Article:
Demand continues to grow
There is a real desire in Australia for innovative wearables. A recent survey by Ansible showed that almost one in five Australians owns a wearable device, with almost half the respondents indicating they were likely to make a wearable purchase soon.
Data from research firm, IDC, indicates that the wearables industry has grown 5.5 per cent globally from last year, with consumer demand in Asia/Pacific growing by 14 per cent year over year. All signs point to further growth in our region, especially as you and other wearable manufacturers release innovative new health features.
Australia needs these features
The wellness features on the Apple Watch are necessary in Australia, especially as our population ages and becomes more at-risk for conditions such as Afib. A study by the Medical Journal of Australia estimates that over 600,000 Australians will have Afib by 2034. The report concludes that “the data is indicative of a largely underappreciated AF prevalence in Australia. They mandate a more systematic effort to both understand and respond to an evolving AF burden”.
The last line says it all; we need tools to understand Afib better and learn how we will manage this condition in the future. This is a tool that is available on the Apple Watch and it could provide a critical data point for our healthcare practitioners to leverage.
The US example
Look at what you’ve already done in the US. Dr Scott Gottlieb, FDA commissioner, has extolled the virtues of the new health features on the Watch, commenting that “due to the great promise of these technologies and the rapid pace of change, the FDA is working to modernise our regulatory approach to better enable and more efficiently spur innovation in this novel area to improve the health and quality of life of consumers and patients.”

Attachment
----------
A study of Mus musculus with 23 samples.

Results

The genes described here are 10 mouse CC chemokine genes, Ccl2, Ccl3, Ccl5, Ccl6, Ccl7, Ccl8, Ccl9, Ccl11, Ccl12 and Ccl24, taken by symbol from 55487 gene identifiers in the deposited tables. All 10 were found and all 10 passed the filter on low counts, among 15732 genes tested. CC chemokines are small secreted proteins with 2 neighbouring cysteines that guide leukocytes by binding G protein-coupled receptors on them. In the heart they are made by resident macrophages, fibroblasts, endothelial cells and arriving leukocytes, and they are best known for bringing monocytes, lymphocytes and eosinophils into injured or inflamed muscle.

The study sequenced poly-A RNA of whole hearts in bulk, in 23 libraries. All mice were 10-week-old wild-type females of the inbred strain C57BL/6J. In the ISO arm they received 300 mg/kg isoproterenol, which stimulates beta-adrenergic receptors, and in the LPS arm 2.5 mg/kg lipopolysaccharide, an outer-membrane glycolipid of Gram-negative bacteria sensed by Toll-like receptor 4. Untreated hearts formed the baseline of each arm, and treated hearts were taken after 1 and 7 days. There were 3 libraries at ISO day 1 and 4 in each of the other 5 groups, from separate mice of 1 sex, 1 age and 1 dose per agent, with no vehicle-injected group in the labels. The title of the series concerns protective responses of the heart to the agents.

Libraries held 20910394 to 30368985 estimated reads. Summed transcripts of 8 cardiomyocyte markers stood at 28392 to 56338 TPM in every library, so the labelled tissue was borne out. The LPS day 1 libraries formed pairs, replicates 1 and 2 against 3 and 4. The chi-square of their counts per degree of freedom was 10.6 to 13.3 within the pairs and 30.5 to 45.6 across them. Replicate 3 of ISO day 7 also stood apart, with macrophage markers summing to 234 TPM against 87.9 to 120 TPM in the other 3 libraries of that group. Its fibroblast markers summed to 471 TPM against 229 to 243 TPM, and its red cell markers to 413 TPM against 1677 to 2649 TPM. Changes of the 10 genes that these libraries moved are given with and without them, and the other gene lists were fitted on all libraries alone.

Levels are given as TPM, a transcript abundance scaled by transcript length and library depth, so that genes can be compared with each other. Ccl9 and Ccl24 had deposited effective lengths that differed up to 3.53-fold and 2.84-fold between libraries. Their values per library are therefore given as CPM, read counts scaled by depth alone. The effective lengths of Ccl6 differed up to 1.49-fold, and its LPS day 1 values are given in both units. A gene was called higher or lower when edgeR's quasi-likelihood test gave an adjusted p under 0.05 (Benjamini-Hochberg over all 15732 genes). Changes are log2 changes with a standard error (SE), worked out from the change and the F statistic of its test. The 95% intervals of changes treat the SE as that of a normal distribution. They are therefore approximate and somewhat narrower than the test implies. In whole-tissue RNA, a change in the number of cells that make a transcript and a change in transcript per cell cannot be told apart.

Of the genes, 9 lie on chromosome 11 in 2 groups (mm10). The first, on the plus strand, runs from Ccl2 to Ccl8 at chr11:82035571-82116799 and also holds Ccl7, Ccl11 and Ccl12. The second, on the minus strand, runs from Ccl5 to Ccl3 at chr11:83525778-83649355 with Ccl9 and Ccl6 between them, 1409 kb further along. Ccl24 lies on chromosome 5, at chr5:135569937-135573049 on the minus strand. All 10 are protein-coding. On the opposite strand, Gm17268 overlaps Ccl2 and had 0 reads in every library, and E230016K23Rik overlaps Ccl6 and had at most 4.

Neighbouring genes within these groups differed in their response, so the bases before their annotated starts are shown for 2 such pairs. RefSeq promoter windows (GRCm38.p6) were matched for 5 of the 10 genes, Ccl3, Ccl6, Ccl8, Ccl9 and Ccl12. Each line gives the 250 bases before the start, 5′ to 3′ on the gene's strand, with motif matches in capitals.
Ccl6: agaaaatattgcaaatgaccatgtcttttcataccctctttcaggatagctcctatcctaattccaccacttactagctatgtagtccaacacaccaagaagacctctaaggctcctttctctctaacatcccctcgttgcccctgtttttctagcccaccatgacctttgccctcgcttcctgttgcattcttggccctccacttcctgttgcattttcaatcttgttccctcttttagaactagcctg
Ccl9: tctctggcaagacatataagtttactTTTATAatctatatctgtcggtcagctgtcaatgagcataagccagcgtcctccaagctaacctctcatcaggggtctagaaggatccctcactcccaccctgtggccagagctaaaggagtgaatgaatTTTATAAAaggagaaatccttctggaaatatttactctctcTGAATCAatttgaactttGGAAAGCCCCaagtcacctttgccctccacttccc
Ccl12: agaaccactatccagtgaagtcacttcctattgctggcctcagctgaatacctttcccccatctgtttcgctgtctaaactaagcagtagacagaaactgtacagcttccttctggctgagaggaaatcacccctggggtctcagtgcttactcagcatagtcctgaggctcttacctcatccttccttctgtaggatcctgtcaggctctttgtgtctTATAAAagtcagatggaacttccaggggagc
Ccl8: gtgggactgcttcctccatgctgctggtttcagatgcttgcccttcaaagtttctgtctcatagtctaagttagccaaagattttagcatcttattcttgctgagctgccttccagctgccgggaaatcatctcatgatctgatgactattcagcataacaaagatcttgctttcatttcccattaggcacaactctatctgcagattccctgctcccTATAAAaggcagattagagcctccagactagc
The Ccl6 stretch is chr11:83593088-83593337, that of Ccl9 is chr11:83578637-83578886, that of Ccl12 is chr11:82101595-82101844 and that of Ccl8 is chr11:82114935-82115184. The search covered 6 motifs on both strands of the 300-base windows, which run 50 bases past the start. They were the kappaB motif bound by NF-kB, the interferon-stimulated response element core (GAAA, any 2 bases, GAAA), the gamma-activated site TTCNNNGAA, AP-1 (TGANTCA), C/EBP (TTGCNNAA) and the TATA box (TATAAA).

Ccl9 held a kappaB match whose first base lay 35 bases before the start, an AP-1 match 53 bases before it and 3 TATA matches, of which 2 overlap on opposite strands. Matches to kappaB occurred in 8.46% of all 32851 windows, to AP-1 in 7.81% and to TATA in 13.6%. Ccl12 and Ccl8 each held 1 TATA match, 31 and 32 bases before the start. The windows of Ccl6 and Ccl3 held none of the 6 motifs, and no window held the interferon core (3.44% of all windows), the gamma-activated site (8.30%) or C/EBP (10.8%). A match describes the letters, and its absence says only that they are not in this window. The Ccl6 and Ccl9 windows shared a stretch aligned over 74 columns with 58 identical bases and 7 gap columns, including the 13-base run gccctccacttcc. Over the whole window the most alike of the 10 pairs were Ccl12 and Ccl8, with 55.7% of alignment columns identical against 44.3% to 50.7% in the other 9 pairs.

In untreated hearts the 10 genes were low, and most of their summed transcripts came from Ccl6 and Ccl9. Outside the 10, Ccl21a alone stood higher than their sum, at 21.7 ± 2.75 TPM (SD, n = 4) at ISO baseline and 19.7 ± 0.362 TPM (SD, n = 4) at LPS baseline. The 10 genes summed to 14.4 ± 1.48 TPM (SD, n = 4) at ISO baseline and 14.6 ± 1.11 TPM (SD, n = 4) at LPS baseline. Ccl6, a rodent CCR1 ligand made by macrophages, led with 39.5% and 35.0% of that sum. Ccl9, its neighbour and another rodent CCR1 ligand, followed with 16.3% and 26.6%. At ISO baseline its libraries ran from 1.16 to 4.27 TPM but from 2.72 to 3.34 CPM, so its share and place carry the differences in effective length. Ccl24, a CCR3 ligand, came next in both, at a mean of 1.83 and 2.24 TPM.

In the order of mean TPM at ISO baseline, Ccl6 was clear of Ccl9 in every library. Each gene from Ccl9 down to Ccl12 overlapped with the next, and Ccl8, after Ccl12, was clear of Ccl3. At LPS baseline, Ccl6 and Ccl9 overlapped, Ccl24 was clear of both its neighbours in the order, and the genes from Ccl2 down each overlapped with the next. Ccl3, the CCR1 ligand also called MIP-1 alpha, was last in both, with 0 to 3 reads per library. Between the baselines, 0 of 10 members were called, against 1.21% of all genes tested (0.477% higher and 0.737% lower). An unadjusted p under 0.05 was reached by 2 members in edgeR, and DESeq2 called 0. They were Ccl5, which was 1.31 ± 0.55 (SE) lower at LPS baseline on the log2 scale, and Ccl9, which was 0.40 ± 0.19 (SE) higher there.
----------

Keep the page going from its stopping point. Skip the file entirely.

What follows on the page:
This clearly demonstrates how you are ready, willing and able to move the lines of healthcare, provided collaboration occurs with the relevant health industry decision makers.
We are ready for collaboration
Australia’s health system is ranked second best in the developed world by the Commonwealth Fund in the US, with Australia ranking first for “Health Care Outcomes” and “Administrative Efficiency”. And it’s clear that we are ready to embrace the latest health innovations to enable better care.
The new Apple Watch offers a more general health-conscious approach to wearable technology, and will help consumers better manage their health and have more data available on hand. However, the real value of the Apple Watch, and similar wearables, lies in its ability to aid the consumer when they transition from a “consumer” to “patient” and back again.
The patient side of things is where the vital role of our doctors, nurses and healthcare service providers comes into play. They are the ones who will unleash the real potential of consumer wearables, as they use features like the ECG as another data point to enable ideal moments of care.
As more and more of our doctors move their operations to the cloud and utilise new technology, why not lead the way into the future of wearable wellness? Through collaboration and innovation, we can all work together to determine the best way to bring the exciting health features found on the Watch Series 4 to meet the needs of healthcare professionals and patients for now, and in the future.
Matthew Bardsley is CEO of MedicalDirector, a provider of software to almost half of Australian GPs.